Technology allows us to make the seemingly impossible become possible. Individuals with limited mobility use technological devices to interact and participate in the physical world. Students with cognitive disabilities use assistive technologies to help them read, write,and communicate knowledge and ideas. Assistive technologies are devices “..which substitute for or enhance the function of some physical or mental ability that is impaired.” (Kelker & Holt, 1997, p. 2). These devices help to open doors for people with disabilities to engage in activities with greater independence. Individuals without disabilities walk through those same open doors.
Technology has become an integral part of life. Whether for entertainment, social interaction, or performing daily tasks such as navigating city streets, shopping, banking, nearly every aspect of our lives is impacted by technology. Have we become too dependent in technology? According to several studies, “..people, especially members of the Connected Generation, appear to be dependent on their technology, even to the point of addiction.” (The Challenge of “Media addicted”consumers, 2011, p. 29). Is this a valid concern? Instead of persevering to overcome challenges, are students simply being afforded ‘quick fix’ accommodations through technology?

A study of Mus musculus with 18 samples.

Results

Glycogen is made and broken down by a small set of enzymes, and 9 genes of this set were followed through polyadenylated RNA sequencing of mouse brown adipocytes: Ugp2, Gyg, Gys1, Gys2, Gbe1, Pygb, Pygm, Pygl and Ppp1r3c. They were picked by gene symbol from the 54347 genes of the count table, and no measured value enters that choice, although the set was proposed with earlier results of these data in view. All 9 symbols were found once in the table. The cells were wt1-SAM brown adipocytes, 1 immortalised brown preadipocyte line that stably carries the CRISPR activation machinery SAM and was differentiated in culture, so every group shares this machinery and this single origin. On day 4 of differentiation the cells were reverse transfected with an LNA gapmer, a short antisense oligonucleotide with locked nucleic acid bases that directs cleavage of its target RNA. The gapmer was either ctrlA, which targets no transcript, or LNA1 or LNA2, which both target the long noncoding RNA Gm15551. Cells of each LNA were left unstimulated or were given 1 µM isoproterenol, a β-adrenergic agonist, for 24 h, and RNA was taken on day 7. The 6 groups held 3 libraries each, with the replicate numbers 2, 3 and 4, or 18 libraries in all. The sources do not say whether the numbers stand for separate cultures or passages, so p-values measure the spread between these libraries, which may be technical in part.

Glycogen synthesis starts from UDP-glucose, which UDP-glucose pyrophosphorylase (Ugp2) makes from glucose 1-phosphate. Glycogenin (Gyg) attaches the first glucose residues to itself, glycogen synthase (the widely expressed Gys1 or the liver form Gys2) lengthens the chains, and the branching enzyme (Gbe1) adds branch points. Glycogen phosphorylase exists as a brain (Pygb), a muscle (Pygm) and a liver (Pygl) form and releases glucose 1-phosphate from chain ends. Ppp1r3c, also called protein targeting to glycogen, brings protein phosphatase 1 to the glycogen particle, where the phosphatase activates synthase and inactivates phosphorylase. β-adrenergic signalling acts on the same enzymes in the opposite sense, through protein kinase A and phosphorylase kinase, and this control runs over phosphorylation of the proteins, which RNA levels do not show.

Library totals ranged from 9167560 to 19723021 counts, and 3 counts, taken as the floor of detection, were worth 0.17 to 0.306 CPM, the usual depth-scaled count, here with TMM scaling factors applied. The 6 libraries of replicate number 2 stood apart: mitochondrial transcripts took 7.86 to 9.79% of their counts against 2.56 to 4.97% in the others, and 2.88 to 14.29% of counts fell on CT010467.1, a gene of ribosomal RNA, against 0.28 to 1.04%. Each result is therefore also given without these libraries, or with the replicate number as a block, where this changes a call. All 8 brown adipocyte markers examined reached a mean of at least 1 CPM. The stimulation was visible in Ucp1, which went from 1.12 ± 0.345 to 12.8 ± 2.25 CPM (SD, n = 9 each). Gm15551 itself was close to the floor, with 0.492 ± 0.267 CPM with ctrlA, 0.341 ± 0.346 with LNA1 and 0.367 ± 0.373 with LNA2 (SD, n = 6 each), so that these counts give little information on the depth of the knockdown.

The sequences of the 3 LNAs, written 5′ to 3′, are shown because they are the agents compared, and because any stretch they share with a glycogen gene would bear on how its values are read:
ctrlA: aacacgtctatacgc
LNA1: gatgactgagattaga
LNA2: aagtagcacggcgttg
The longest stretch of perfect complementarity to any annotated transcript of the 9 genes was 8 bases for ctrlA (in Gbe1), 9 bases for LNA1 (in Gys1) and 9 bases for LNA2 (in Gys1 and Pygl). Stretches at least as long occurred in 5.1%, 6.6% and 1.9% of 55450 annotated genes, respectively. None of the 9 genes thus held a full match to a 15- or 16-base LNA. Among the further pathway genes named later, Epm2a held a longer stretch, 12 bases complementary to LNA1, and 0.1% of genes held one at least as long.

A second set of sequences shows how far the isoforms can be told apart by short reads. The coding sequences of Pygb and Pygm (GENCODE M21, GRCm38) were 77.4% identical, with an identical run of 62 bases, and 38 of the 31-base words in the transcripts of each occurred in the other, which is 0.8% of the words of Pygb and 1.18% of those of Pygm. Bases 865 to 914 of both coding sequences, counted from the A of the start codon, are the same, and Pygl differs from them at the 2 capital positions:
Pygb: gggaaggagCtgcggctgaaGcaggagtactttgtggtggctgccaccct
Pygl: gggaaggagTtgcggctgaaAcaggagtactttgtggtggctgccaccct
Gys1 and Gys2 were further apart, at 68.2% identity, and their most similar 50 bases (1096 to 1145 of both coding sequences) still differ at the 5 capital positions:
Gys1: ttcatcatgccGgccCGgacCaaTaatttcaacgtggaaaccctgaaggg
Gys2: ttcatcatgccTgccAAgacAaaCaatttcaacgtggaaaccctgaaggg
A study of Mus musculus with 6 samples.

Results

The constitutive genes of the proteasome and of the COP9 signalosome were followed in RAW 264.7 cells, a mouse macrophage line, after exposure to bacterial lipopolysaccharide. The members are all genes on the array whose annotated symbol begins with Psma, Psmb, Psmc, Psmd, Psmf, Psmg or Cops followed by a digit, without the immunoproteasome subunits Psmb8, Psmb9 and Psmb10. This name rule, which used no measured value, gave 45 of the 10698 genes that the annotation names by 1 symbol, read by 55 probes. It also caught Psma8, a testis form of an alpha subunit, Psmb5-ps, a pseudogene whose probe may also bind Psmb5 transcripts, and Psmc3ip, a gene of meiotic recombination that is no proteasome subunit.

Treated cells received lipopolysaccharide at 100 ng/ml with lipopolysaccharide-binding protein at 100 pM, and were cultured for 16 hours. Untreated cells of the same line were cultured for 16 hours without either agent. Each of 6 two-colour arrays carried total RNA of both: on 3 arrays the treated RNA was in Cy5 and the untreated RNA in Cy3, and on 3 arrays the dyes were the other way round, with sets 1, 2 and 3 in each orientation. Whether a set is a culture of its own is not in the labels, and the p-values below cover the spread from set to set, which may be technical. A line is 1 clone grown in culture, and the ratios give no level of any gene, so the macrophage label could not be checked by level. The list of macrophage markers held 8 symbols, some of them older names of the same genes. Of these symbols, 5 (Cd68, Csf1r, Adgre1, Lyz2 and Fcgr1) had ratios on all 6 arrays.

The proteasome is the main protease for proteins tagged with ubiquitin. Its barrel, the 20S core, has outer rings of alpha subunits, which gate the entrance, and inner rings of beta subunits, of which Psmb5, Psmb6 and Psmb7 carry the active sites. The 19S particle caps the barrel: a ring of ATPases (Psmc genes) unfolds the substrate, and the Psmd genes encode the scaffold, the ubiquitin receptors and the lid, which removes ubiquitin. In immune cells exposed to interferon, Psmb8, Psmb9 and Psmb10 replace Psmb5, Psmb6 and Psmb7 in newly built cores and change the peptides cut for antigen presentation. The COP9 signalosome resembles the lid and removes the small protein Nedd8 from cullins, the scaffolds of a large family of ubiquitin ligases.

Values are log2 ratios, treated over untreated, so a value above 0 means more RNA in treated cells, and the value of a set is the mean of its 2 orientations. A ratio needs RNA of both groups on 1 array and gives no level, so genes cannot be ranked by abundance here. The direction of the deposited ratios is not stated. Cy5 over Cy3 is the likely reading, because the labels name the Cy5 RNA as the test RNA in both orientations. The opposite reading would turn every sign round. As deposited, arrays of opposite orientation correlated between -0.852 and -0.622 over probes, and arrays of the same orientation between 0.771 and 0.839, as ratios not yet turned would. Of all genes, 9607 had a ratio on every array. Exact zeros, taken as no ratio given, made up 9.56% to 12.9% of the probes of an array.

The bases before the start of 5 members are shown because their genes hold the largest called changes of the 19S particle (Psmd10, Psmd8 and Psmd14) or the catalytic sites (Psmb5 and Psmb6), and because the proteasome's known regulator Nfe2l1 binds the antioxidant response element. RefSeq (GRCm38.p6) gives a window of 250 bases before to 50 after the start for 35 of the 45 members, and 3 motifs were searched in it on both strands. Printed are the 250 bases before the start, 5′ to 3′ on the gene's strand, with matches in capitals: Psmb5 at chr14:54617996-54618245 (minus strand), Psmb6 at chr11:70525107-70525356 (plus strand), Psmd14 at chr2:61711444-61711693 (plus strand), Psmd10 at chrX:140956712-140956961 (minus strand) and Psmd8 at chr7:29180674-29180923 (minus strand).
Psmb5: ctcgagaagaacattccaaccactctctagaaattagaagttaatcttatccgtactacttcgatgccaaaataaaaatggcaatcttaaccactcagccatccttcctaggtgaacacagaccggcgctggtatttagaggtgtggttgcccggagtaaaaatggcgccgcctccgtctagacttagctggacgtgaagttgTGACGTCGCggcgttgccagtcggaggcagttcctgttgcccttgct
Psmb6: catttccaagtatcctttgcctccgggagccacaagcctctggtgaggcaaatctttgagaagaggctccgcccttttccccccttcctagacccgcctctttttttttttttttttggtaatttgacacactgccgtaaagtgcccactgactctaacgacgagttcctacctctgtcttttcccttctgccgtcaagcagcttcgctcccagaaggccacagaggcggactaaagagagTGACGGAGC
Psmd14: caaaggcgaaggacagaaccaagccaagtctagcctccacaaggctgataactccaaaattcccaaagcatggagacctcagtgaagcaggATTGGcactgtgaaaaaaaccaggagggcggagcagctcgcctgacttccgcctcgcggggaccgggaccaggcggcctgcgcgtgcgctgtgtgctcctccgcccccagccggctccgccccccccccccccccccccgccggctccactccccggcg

It seems that our reliance technological devices will only continue to increase, and that”… as the interface becomes more seamless — involving gestures, speech recognition, and perhaps even literal physical integration — the question of addiction will seem archaic.” (The Challenge of “Media addicted”consumers, 2011, p. 30).
As a parent, I have questioned if my own children should have iPhones and access to social media tools. While I do have concerns about addiction and over-reliance on these forms of communication, I also feel that not allowing them access would put them at a disadvantage. A study of the effects of media use on young girls suggests that”.. increased use of media was significantly associated with lower levels of self-esteem.” (Racine et al, p.752) Yet I have seen first hand how participating in digital media can also positively impact a child’s self esteem, as it provides them with a sense of belonging and acceptance with peers who use social media to build and maintain relationships.
We are all dependent on technology. The key is finding balance. As teachers and parents, we must help children to understand that technology has a purpose, a time and a place. We must teach them to make responsible decisions and help them to understand that success lies not within the technology itself. Success lies in how they choose to use technology because ultimately, their true capabilities lie within themselves.
Kelker, K. & Holt, R (April 1997) Family Guide to Assistive Technology. Retrieved from: http://www.pluk.org/Pubs/PLUK_ATguide_269K.pdf
Racine, E. F., DeBate, R. D., Gabriel, K. P., & High, R. R. (2011). The Relationship between Media Use and Psychological and Physical Assets among Third- to Fifth-Grade Girls. Journal Of School Health, 81(12), 749-755.
The Challenge of “Media-Addicted” Consumers, Employees, and Citizens. (2011). Trends Magazine, (98), 27-30.